Operation Northern Defense, the IDF operation to find and neutralize Hezbollah terror tunnels in northern Israel, is being conducted under tight security conditions – there are many senior IDF officials who are unaware of the specifics of the operation, Walla News reported. The concern is that details about how and where the army is operating will leak out, and aid Hezbollah in somehow protecting its massive investment in the tunnel program.
IDF officials were quoted by Walla News as saying that they have detected attempts by Hezbollah to acquire details about the Israeli operation ever since it was announced, including information about the location of the operation, the engineering methods being used, and so on. As a result, security has been upgraded significantly. Members of the engineering teams in the field have been told not to contact family members, and to refrain from using their cellphones, lest their exact location be detected.
With that, the report said, the IDF is operating 24 hours a day to find additional tunnels, besides the two that were already discovered. The objective is to find the tunnels as soon as possible – and for that purpose, the report said, IDF Chief of Staff Gadi Eisenkott has authorized several civilian companies to assist in the army’s efforts. With the weather rainy and foggy over the past several days, IDF brass are concerned that Hezbollah may take steps to prevent Israeli forces from neutralizing the tunnels – perhaps by booby-trapping them – and thus finding them as soon as possible has become a priority.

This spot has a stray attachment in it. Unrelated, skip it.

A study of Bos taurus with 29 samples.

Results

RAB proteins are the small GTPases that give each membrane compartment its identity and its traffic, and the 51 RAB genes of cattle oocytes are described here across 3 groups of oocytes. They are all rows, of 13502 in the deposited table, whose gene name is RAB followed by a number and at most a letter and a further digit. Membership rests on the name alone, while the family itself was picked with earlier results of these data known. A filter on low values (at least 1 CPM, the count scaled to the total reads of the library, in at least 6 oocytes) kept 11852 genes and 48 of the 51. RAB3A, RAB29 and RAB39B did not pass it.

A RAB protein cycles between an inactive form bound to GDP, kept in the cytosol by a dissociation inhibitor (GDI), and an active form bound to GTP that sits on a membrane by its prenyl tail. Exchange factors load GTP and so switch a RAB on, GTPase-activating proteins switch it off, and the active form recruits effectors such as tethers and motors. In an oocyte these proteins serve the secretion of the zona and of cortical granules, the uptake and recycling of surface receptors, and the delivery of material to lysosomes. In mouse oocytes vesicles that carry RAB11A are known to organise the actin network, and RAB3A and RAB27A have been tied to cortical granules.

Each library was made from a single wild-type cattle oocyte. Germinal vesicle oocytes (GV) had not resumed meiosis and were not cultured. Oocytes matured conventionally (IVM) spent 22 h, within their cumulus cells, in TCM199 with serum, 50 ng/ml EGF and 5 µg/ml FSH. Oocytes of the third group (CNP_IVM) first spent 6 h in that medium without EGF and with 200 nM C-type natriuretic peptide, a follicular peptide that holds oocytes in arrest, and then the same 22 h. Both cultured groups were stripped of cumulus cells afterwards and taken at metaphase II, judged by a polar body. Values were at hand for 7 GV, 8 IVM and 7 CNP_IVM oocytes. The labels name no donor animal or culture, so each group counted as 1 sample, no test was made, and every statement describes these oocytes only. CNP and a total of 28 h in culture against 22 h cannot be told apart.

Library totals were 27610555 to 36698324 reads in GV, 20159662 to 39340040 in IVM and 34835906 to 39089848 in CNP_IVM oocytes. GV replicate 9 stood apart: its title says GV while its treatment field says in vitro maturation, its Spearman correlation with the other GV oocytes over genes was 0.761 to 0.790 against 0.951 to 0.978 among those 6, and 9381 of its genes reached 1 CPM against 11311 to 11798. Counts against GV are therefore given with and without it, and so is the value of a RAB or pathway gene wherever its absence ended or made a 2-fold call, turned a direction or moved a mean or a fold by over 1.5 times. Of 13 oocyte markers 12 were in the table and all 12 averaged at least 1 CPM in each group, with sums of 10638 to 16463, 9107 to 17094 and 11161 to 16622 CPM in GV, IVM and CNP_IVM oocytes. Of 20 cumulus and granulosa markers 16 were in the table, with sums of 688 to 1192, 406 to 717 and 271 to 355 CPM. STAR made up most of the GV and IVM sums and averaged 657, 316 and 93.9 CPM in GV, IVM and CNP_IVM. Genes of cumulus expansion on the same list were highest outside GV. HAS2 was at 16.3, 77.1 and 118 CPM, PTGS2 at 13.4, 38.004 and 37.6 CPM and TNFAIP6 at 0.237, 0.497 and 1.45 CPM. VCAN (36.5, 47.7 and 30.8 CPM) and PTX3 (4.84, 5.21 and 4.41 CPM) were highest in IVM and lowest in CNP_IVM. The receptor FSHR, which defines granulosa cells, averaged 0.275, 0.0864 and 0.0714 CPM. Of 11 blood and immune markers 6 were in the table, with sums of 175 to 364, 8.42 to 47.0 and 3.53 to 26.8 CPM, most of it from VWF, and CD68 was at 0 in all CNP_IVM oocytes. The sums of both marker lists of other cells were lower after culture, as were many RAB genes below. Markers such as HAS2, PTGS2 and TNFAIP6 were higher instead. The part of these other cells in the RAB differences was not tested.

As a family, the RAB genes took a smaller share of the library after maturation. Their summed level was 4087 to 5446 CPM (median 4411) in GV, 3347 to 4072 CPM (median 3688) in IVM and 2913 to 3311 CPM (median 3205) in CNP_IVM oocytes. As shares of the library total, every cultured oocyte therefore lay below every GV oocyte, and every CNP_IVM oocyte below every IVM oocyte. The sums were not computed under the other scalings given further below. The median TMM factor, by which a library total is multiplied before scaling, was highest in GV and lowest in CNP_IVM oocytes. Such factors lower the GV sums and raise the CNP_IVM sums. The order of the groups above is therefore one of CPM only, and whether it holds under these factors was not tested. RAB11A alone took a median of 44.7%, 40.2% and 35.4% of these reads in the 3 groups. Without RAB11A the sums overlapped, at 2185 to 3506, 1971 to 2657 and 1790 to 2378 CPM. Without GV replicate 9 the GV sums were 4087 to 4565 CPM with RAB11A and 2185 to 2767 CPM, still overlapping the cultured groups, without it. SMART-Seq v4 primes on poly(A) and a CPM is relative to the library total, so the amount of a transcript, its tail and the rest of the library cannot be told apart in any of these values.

The IDF is looking for civilian assistance in drilling solutions, to enable boring through the bedrock that is a geographical feature of the area. While that work has been ongoing, the army is seeking to speed up the process as much as possible, the report said. Representatives of companies have been invited to a meeting Sunday, with a tour of the border and an explanation by IDF engineering experts of the problems that need to be solved.
Over the weekend, the IDF announced that it had found a second tunnel, in addition to the one discovered previously, details of which were revealed last week, with an exit to the tunnel inside the northern community of Metulla. The IDF did not reveal details of the second tunnel, including where it exited in Israel. At least one more tunnel is known to exist, and the army is searching for it.
Speaking Sunday, Housing Minister Yoav Galant told Army Radio that one of the reasons that the IDF chose to reveal the existence of the tunnels and commence on the operation to destroy them was because of fear of leaks. “The operation was already known in the media, and there was concern details that could help Hezbollah would leak through.” By revealing the existence of the operation, the IDF was able to control the information, he said.